Geoffrey A. von Maltzahn, PhD, '10

Geoffrey von Maltzahn PhD ’10, Flagship Ventures VentureLabs Partner

The Making of a Serial Inventor-Entrepreneur

Geoffrey von Maltzahn PhD ’10, Flagship Ventures VentureLabs Partner

In November 2014, Flagship Ventures announced Geoffrey von Maltzahn’s third company since joining the firm, his seventh, if you include the four he co-founded as a graduate student in HST’s Medical Engineering and Medical Physics (MEMP) PhD program. The company, Symbiota, aims to tackle a completely new space for von Maltzahn: agriculture.

Symbiota takes an industry that has focused for as long as anyone can remember on plant biology and the chemistry of the environments crops are grown in, and adds a third novel consideration — the plant’s microbiome— to improve plant health, resilience and yield. This approach of taking modern scientific advances, such as tools to understand and improve the microbes in and around organisms, and applying them where they are needed most is emblematic of von Maltzahn’s work. “I’m putting my time toward forming companies that can create a new industry or fundamentally change a problem space,” he says. “Which means I don’t sleep much.”

After completing an undergraduate degree in chemical engineering at MIT and a Master’s in bioengineering at the University of California, San Diego, he went looking for a graduate program with an interdisciplinary approach to the study of biology that maintained the rigor of engineering. He found it in the HST program. “MEMP offers a medical curriculum for PhD students that is identical to the curriculum for medical students, yet without alleviating the expectations of excellence in scientific and engineering disciplines,” he says. “You have to master both.”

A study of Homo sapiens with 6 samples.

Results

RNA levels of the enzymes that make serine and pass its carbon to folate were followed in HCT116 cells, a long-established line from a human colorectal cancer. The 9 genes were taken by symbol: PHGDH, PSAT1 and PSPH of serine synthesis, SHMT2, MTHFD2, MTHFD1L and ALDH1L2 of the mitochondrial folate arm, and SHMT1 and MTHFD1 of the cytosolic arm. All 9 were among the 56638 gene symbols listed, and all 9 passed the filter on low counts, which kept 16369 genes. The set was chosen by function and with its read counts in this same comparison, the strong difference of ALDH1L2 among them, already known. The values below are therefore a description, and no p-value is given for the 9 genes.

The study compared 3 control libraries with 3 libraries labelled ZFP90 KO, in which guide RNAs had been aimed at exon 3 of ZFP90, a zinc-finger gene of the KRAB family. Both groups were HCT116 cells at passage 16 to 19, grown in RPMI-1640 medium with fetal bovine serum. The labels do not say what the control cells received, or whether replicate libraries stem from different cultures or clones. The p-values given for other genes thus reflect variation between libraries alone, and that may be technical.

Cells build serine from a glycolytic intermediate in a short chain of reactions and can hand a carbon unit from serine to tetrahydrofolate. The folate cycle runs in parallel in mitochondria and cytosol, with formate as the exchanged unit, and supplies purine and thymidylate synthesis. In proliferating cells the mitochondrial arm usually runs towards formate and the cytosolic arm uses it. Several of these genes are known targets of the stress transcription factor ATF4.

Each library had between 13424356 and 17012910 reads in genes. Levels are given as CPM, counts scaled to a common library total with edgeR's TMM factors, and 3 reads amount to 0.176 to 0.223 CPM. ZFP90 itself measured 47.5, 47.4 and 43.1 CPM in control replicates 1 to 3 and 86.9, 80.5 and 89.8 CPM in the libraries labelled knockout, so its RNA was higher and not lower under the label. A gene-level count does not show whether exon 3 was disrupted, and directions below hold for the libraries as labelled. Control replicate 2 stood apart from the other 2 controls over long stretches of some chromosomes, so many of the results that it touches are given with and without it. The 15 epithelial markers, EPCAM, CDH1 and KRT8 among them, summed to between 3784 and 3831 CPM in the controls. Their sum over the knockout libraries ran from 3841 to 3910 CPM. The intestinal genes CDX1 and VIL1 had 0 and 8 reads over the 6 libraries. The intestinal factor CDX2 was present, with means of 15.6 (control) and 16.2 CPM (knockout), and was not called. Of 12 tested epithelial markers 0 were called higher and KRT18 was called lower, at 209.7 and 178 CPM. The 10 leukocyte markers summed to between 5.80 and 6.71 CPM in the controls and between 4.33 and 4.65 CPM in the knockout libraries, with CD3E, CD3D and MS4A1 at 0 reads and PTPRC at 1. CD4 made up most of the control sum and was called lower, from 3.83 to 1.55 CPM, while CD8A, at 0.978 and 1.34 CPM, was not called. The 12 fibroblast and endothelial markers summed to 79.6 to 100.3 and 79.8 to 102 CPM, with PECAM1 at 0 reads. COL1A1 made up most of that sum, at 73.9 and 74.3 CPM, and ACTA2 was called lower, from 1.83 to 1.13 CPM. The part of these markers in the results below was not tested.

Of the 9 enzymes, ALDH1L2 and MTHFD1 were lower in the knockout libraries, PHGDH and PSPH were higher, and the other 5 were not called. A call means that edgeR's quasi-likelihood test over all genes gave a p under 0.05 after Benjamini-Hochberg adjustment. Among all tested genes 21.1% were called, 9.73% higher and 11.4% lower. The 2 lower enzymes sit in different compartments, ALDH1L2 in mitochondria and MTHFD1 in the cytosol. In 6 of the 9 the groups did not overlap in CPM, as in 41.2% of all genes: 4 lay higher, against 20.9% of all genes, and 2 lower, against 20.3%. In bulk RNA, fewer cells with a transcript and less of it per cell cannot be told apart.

He joined the laboratory of Sangeeta Bhatia, a faculty member in Electrical Engineering and Computer Science and the Institute of Medical Engineering and Science (IMES) at MIT, who runs a multi-disciplinary group not just focused on advancing science, but also on making a difference in medicine. There he developed a range of innovations, including several new nanomedicine tools to enhance diagnostics, imaging and drug delivery. He also won several awards for his inventions, including the Lemelson-MIT Student Prize for tumor-homing nanoparticles and ‘communicating therapeutics’ that work together to treat diseases.

For von Maltzahn, his exposure to entrepreneurship at HST was career shaping. “Inventing companies is sort of a hyper-disciplinary thing,” he says. “I need to think deeply about science and invention, but also about regulation and intellectual property and markets to have impact.”

Von Maltzahn launched several successful startups during his time at HST, including Sienna Labs, which he formed with two other HST students and now serves on the board of scientific advisors. The company is creating the new category of ‘plasmonic therapeutics’ that harness the power of laser medicine for skin disorders formerly only treatable using drugs.

As he concluded doctoral studies, von Maltzahn planned to form his own academic lab. He envisioned a lab not unlike Bhatia’s, with a strong focus on multidisciplinary research and innovation, but with an added layer of business acumen fitting for budding entrepreneurs. But a meeting with the founder and CEO of Flagship Ventures, Noubar Afeyan, opened a new path. Afeyan described Flagship’s Ventures’ track record for systematically creating startups that originate innovations based on cutting-edge scientific, engineering and business insights.

The opportunity matched von Maltzahn’s ambition, adding great resources, venture-driven colleagues, tremendous entrepreneurial experience, and the hyper-disciplinary rigor von Maltzahn thrives on. He has since been living the life of a professional inventor and entrepreneur. He spends his time identifying big challenges, sometimes in industries he’s never worked in before, learning everything he can about them, trying to invent a new solution, and then building a startup to make a dent in the problem. “We work to prove the technology’s potential,” he says. “Then I transition into a new space.”